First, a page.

Sunday, 7 February 2016
Last updated 2 days ago
Oct 22 2010 | 1:56pm ET
U.S. District Judge John Koeltl appears to be a believer in poetic justice.
The federal judge yesterday sentenced Ponzi schemer Arthur Nadel to 14 years in prison—a term that amounts to 168 months, or one month for each of the $168 million of his scam. If Nadel, whose lawyers say he is an "old, frail human being who does not have very much longer to live," survives the full sentence, he will by 91 years old when he is released.
Mark Gombiner, Nadel's lawyer who had sought a five year sentence, said Koeltl "basically imposed a life sentence on Mr. Nadel."
Prosecutors, who alleged that at least some of Nadel's victims had trusted him due to the very physical frailties that his own lawyers hoped would win him a reduced sentence, had sought a jail term of at least 19½ years in prison.
At the sentencing hearing, Nadel said, "I blame no one but myself for my actions."
"I have been my own worst enemy," he added. "I have thrown away everything worth living for."
Those words did not assuage one of his victims, Michael Sullivan, who called Nadel an "evil person" at the hearing.
Nadel pleaded guilty to 15 counts of securities, wire and mail fraud in February. In addition to the prison term, Koeltl also ordered Nadel to forfeit $162 million.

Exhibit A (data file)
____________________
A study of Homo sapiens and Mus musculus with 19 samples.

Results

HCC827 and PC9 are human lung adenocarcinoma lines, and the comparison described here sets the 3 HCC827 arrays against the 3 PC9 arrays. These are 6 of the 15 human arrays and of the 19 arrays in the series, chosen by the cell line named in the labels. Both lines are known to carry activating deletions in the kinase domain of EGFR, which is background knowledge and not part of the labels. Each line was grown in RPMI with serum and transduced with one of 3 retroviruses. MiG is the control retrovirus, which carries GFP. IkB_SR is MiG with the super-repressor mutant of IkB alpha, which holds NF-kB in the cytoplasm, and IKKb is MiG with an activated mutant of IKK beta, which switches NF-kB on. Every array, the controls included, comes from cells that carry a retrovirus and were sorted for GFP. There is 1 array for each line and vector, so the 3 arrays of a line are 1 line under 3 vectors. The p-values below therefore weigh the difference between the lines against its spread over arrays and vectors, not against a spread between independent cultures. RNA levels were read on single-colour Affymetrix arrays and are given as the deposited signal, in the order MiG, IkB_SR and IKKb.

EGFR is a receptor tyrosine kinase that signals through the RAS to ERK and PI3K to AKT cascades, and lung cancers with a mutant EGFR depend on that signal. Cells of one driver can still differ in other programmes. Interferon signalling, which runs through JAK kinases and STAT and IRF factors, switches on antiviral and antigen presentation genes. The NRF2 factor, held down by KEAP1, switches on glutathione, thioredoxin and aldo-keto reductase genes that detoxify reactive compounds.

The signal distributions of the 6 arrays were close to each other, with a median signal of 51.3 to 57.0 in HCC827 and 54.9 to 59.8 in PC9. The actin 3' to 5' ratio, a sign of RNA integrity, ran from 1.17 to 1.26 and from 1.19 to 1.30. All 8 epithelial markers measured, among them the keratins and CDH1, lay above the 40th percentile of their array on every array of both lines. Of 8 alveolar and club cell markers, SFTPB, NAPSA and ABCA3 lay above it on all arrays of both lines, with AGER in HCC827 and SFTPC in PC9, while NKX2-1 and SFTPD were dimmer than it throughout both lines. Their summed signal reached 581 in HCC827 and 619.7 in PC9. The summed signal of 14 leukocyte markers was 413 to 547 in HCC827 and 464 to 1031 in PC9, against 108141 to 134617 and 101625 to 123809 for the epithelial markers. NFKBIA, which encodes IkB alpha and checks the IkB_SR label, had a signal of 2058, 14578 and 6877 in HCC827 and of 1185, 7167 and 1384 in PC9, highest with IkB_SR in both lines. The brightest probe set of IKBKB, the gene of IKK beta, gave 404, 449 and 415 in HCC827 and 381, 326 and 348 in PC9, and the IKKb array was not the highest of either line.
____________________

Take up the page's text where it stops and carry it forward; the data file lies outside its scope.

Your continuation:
Prosecutors this week also answered Nadel's allegation that his business partners, Christopher and Neil Moody, on whose behalf he ran three of the six hedge funds that made up the Ponzi scheme, were getting away with their role in the fraud.
In response to a court filing earlier this week seeking leniency for Nadel because of the unpunished role of the Moodys, prosecutors said that Nadel "did not have any evidence that either Neil Moody or Chris Moody knew about Nadel's fraudulent schemes." The Moodys have been sued by the SEC, but not criminal charged.
"The government does not believe that Nadel's statements relating to the extent, duration and involvement of other participants in the fraudulent scheme should be credited in any way—particularly given his long history of fraud and lies," assistant U.S. Attorney Reed Brodsky wrote.
In any event, even if Nadel were telling the truth, that would actually merit a longer sentence, because it would amount to an admission of a criminal conspiracy.
"To the extent this court considers Nadel's argument that others were involved with him, the court should find that a severe term of imprisonment is required for the additional reason that Nadel was a leader of criminal activity," Brodsky wrote.